Good morning everyone, happy last Friday of the year! A long, long time ago, before Doctor of Credit was as popular as he is now, he did a guest post for me back in March 2014: Guest Post from Doctor of Credit: Bank Account Sign Up Bonuses. DOC has always been a big fan of bank account bonuses, but it took me a long time to get on the bandwagon and now I am hooked. Earlier this year, I wrote about my 2016 Roundup of Bank Account Bonuses. In 2015, I made $1,175 in bank account bonuses. In 2016, I made $2,850 in bank account bonuses. And this year, I made $3,700 in bank account bonuses.
Here are all the bank accounts I opened, the date they were closed and the bonus I received. To be fair, I am still waiting for the $200 bonus to post from my Capital One 360 Money Market account, but I met the requirements already, so now I just need to wait. I learned about all of these bonuses on DOC and he keeps a very detailed and up-to-date bank account bonuses page.
One of the great features of opening a new bank account is that you are often allowed to fund the opening deposit with a credit card. As you can see, I used a variety of credit cards for my opening deposit. I was able to meet my minimum spend on my Barclays Arrival Plus Credit Card and Wells Fargo Propel Credit Card by charging the opening deposit to those credit cards. I did not include the value of the sign up bonus, but if I did, it would be several hundred dollars more. To calculate the $82.25 in credit card rewards, I multiplied the opening deposit amount by the value of the miles, points or cash back earned to get the cash value of paying the opening deposit with a credit card. Also, not all bank accounts let you fund the opening deposit with a credit card, so I had to do a bank transfer (ACH) instead, which earned $0 cash back.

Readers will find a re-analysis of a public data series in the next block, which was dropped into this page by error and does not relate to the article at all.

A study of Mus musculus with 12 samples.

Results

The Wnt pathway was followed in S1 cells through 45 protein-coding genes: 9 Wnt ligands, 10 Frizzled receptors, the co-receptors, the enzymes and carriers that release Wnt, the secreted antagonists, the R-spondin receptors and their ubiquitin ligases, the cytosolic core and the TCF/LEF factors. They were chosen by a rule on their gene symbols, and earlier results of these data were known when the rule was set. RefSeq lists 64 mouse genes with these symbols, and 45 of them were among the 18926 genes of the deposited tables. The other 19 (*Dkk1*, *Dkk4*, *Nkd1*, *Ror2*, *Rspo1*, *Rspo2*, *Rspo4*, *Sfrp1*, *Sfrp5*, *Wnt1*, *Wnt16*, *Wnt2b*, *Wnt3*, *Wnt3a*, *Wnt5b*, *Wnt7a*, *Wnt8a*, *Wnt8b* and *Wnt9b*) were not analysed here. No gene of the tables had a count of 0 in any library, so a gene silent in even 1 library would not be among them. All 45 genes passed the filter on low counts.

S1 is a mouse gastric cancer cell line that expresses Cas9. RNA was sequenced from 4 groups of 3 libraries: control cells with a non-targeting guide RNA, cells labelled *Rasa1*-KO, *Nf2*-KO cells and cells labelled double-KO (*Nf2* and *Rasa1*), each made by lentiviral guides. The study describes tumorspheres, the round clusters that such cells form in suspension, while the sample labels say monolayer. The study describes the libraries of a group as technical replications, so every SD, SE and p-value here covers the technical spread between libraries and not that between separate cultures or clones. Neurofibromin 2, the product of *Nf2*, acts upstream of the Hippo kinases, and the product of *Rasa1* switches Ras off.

If you like the idea of funding bank accounts with a credit card to earn rewards, DOC has a great resource that shows which banks allow credit card funding. Don’t worry, 99% of the time the charge codes as a purchase, not a cash advance, so you will earn miles, points, or cash back on the opening deposit. If you are worried about being hit with a cash advance fee, call your credit card company and tell them to lower your cash advance limit to $0 before you charge the opening deposit.
Lastly, most of the bank accounts have requirements to meet in order to earn the bonus. That can range from just making you first deposit, to receiving a direct deposit, to keeping a minimum daily balance, to making purchases on their debit card (or a combination of those requirements). Make sure you read the requirements carefully and do everything they tell you to do. You also need to be on top of what the requirements are to waive the monthly fee. If you pay monthly fees, you are giving part of your sign up bonus back to the bank. Don’t do that!
Have you received any bank account bonuses this year? What was your total haul this year? If you have any questions about bank account bonuses, please leave a comment below. Have a great day everyone!